Rummaging around in a box the other day, I came across these old menus. They are programmes for three Masonic dinners and they tell an interesting tale
The earliest programme is dated July 1902. It is beautifully printed with blind embossing, a satin ribbon and an insert. The menu, by today's standards, is breath takingly sumptuous, worthy of 'Downton Abbey' at its finest, but not really surprising, as this dinner was held just a year after the death of Queen Victoria and the Victorians did love their food.
The starters consist of mayonnaise of salmon, fillets of sole and lobster salad. The main courses offer a choice of galantine of veal, roast chickens, hams, tongues, galantines of chicken, small aspics (various), pigeon pies, dressed beef, veal and ham pies, roast lamb, veal and ham patties, salads, peas and potatoes. Moving on to the third course, we have wine jellies, fruit jellies, chocolate eclairs, charlotte russe, strawberry creams, vanilla creams and fancy pastry. If that wasn't enough, there were the usual cheese, butter and biscuits and finally a rather anonymous 'dessert'. Just in case one hadn't consumed enough chocolate eclairs.
After the many toasts, one could settle down to the after dinner entertainment, which was very much of the parlour singing kind, consisting of eight songs with accompaniment, by the Cecilia Quartette and others. As well as the national anthem and a song from a Gilbert and Sullivan opera (I think it is the Mikado), we have 'Keys of Heaven' 'The Country Dance' and appropriately, 'Good night Beloved'. I imagine that after the weight of the table offerings earlier, a few people might have quietly nodded off during the recital.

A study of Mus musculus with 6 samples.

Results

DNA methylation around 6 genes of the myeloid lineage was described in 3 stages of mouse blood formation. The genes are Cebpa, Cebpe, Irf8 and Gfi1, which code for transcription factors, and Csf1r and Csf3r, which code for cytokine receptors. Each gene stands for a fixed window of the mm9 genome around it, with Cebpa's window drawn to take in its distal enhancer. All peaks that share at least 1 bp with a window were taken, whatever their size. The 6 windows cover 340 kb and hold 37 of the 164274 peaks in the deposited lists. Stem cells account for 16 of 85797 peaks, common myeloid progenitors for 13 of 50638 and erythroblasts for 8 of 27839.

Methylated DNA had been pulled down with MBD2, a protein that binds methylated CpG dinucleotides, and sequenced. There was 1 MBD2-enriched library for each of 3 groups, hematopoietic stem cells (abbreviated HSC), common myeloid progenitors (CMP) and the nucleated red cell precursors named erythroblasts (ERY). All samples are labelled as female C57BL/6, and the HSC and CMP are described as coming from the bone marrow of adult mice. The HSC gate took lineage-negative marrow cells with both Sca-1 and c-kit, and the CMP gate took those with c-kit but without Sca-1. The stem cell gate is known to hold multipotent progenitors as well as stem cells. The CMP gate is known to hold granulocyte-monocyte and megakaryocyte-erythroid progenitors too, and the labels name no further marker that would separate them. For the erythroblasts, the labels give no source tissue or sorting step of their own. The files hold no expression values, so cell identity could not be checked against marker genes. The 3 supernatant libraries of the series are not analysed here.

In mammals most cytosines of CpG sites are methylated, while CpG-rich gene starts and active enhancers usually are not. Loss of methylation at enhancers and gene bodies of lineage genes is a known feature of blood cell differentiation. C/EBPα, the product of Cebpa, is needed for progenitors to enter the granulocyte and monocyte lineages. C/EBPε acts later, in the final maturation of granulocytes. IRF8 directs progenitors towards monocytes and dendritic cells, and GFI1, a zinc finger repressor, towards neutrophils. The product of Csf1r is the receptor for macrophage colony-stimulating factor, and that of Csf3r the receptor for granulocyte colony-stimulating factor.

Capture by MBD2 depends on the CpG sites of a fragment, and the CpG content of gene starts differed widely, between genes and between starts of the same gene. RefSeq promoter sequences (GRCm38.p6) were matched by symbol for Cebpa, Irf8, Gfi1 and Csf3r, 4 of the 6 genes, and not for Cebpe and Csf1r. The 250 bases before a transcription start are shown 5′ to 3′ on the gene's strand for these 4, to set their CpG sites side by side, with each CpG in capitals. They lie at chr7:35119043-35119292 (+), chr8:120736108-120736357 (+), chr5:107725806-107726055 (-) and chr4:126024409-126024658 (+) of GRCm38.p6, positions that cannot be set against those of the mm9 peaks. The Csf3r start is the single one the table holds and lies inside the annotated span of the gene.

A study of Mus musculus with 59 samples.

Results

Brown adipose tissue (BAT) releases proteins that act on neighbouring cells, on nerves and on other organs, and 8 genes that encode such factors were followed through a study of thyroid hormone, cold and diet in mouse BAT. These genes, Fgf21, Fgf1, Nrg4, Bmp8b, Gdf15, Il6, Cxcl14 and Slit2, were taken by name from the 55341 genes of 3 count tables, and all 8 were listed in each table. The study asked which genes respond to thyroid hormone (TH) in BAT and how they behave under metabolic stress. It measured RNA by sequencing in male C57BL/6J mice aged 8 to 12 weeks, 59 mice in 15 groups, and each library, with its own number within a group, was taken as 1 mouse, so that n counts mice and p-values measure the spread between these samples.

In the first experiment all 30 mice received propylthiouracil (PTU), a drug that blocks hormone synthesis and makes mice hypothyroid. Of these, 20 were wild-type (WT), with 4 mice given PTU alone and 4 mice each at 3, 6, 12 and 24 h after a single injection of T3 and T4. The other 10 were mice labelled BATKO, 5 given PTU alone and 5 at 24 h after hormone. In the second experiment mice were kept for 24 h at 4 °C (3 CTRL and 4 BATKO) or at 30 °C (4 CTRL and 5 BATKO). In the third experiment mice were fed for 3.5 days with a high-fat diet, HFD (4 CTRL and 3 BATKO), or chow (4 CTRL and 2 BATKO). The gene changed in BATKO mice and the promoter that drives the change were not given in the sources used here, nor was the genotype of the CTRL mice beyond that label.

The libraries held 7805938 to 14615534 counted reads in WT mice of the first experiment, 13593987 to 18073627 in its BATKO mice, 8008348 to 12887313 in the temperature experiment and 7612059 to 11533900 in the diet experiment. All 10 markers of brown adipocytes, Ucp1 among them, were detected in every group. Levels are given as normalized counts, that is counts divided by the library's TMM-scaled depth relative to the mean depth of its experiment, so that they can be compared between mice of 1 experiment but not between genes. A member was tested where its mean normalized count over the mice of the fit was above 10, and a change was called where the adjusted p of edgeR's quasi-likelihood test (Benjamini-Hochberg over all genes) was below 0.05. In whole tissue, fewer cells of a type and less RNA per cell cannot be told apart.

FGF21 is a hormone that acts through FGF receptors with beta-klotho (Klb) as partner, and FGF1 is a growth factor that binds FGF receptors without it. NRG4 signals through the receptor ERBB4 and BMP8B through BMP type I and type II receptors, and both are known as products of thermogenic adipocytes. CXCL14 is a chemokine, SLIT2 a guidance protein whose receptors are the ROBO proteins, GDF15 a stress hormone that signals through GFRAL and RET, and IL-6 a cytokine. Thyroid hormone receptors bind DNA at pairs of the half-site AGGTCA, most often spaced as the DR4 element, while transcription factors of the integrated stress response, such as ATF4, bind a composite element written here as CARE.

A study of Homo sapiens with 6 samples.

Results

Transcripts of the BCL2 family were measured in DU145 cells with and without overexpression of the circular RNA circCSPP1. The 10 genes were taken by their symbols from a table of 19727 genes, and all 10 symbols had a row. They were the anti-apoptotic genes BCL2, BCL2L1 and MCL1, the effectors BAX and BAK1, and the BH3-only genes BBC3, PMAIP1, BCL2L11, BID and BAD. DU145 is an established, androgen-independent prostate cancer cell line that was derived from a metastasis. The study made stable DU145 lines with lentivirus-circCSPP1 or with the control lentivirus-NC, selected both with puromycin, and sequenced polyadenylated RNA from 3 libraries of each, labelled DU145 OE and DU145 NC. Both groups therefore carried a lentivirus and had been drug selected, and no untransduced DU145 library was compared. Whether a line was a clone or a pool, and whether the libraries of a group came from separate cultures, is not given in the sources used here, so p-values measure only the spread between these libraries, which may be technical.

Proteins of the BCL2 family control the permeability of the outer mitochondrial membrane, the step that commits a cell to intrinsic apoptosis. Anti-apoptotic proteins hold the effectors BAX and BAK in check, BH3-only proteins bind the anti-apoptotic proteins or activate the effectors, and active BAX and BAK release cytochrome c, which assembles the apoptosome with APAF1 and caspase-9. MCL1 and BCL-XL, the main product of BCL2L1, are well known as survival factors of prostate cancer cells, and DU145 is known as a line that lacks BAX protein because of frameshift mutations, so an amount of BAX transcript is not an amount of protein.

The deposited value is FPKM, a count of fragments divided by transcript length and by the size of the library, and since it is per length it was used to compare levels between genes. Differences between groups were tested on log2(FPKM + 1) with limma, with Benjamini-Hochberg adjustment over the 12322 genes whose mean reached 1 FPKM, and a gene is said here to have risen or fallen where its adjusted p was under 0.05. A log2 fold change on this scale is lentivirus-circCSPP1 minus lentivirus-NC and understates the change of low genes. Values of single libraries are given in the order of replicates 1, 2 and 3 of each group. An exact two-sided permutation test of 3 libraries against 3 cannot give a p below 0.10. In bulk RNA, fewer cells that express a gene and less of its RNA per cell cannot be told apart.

Moving on to November 1934 - post WW1 and pre WW2 - the programme is another work of art with more blind embossing, gold ink, silver ribbon and an insert. The menu however, is a little more restrained. There are general hor d'oeuvres, soups - mock turtle and consomme - a fish course of halibut and mornay (which is a white cheese sauce and spelt 'Morny on this menu), then braised sweetbreads with mushrooms, roast pheasant, game chips and seasonal vegetables. Finally there is ice pudding, charlotte russe, cheese straws, celery, another anonymous dessert, coffee and cream.
After the toasts, the entertainment seems to have been provided by selected 'brothers' - one at the piano and the other three presumably singing.
So we move on the final programme, dating from December 1948. This is a much humbler event. The programme is simply printed on one sheet of card and the menu is in keeping with the rationing that was still going on in Britain, though I suspect that it was quite a feast compared to most people's living standards.
Sparse by comparison to the previous menus, 1948 offered vegetable soup, roast guinea fowl, bread sauce, sausages, roast potatoes and Brussels sprouts, finished off with fruit salad, ice cream, and coffee.
After a modest amount of toasting, the after dinner entertainment was very much of its time; dancing to Fred Parry and his orchestra. How times had changed.